In the early part of January, a woman in her mid-sixties travelled from her hometown of Port-au-Prince in Haiti to Leogane, a town just about 20 miles west. She had gone to visit her daughter and her three grandchildren, aged nine months, three and seven years old.
Shortly after arriving at her daughter’s home, Leogane was the epicenter of the largest earthquake to hit Haiti since the 18th century. The woman’s daughter was beneath the toppled home, and her youngest granddaughter lay trapped under the rubble, only her feet showing. The woman rescued her three grandchildren but was unable to save her daughter. The group then trekked 75 miles to the community of Hinche, where they met Marilyn McIlroy, a volunteer from Elmira.
“The woman said to me, ‘How can I look after these children?’ and handed the youngest girl to me saying, ‘she is yours now, I want you to have her.’”
This was just one of the stories that McIlroy heard this month as she revisited several communities in Haiti, the place where the massive earthquake took her friend Yvonne Martin’s life just three months prior.
McIlroy’s return to the stricken country marked the start of a new mission, accompanied by new fears, new emotions and new passion.
“For me, the trip had a few purposes,” she explained. “Firstly, I needed to have some closure with relation to Yvonne’s death, and also, now we need to figure out what we can do to help.”
While spending the week in a number of different villages, McIlroy talked with community leaders, as well as leaders of relief agencies that are already helping rebuild the country. She got involved with the construction of affordable, easy-to-build, lightweight homes that can withstand both hurricanes and earthquakes, to be built and provided to Haitians currently living in tent cities.
“There are hardly any trees in the city, and by 7 a.m. it was already extremely hot in the tent cities. If you had a baby or a toddler who you wanted to lay down for an afternoon nap, they would just cook. Where do you go?”
EMCC’s plan for redevelopment is one of many plans to be implemented in the country, but at this point, said McIlroy, the place looks basically as it did when she left.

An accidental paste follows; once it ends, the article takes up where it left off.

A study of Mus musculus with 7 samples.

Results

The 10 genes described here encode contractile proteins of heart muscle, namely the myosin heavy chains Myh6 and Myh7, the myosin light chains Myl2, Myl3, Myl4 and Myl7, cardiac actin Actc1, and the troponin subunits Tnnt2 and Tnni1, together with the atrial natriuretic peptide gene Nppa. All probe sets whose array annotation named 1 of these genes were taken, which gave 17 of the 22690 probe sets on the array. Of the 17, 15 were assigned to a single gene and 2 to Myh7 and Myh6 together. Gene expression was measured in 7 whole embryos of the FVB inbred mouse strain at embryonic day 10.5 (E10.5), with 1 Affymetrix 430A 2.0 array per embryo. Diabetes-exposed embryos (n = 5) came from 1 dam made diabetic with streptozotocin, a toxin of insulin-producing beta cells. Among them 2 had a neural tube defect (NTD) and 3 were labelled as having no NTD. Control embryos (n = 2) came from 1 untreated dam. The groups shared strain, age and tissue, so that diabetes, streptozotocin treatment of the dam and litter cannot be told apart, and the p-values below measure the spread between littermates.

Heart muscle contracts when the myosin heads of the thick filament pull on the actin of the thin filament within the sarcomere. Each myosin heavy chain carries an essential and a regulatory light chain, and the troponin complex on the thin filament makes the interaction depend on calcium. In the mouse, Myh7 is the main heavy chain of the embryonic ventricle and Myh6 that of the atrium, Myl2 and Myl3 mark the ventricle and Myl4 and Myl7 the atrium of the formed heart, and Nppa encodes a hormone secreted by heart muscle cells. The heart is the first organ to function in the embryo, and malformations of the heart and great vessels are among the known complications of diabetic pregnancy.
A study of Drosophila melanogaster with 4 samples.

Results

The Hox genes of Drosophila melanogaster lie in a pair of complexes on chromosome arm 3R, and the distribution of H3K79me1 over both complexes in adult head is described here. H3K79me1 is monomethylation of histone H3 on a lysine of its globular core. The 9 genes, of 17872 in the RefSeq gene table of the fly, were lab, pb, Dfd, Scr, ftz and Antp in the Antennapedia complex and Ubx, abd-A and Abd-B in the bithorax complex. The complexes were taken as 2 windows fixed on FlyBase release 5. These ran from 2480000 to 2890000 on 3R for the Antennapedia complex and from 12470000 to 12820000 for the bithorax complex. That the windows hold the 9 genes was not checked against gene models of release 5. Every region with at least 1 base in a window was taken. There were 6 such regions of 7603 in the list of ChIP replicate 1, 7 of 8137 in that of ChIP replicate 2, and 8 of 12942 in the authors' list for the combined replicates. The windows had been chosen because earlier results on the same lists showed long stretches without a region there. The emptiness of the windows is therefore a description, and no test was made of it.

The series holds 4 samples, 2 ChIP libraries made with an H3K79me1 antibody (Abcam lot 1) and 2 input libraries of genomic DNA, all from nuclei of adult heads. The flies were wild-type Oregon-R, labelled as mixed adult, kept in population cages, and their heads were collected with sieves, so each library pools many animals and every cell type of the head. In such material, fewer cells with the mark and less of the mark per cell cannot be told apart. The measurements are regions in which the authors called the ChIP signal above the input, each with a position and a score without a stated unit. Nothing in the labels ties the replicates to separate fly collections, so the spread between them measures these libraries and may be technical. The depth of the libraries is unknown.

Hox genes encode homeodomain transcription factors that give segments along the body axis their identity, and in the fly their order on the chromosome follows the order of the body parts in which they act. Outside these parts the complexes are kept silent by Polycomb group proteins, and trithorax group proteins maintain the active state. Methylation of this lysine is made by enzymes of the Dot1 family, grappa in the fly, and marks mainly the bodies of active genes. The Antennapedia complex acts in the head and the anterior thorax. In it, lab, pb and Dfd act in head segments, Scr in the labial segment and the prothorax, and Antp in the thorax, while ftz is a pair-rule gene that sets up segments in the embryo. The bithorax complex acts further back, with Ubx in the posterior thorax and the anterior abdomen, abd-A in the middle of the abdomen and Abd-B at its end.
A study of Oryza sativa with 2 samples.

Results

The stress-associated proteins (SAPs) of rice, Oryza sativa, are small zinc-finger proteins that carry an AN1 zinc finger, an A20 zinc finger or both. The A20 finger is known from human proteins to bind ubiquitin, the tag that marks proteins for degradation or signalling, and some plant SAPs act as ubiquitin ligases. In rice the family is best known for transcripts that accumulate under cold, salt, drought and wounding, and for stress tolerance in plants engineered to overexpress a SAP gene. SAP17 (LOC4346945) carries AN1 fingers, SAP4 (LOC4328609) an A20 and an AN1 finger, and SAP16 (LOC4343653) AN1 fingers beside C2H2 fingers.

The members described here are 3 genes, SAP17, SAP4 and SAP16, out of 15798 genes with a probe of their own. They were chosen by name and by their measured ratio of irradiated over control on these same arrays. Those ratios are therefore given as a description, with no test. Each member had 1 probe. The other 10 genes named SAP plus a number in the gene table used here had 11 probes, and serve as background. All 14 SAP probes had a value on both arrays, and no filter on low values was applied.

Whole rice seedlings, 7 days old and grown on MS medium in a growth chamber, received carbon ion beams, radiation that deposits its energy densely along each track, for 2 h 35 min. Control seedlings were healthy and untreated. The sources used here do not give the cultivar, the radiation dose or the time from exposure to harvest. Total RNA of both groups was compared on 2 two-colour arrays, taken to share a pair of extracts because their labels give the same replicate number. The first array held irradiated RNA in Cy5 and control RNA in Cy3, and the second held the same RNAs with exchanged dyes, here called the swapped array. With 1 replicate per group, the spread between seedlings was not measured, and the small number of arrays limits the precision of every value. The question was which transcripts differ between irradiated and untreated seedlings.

“People have asked me, ‘With all the money going in, why are buildings still like this? Haven’t they done anything?’ but they are still recovering. There was so much loss. They are probably still recovering bodies. They are only now beginning to think about rebuilding.”
While there, McIlroy and her team identified a few areas of need, including education for internally displaced students and the continuation of building projects – housing, churches and schools specifically, and all of these needs require continued funding.
“There is a need for continued aid and continued assistance by our governments and by organizations,” she noted. “It is very important that countries fulfill the funding promises that they’ve given. We cannot forget Haiti even though it’s not on the radar as much. I have a lot of hope that this focus on Haiti will make a huge difference.”
In addition to support from the governments, McIlroy said she is especially impressed and proud of the outpouring of support that came from Woolwich Township. More than $80,000 was donated to the Yvonne Martin memorial fund, to be given to Haitian youth interested in pursuing medical studies.
“The support that Haiti saw from our community was incredible, and I think it is so important. We have been blessed with so much. It is not necessarily a bad thing to be blessed with so much, but it is certainly our responsibility to care for our neighbours. And our neighbours are not just in Elmira, or Waterloo Region, or even Canada, but they are global.”
McIlroy plans to return to Haiti in July to continue the mission her group had originally planned to do, and she is looking for some volunteers to join her. Although she may have gone to be of help, she always learns an incredible amount from the communities in Haiti in return, every visit.
“Even in the midst of a disaster, the people over there are so resilient,” she explained. “They didn’t have anything much to begin with and even now, they are still thankful and grateful. They continue to live in a way which is not dependant on the things that they have, but are much more connected to family and their community; what is important is people as opposed to things. Relationships as opposed to stuff. There is something that every one of us could take from that.”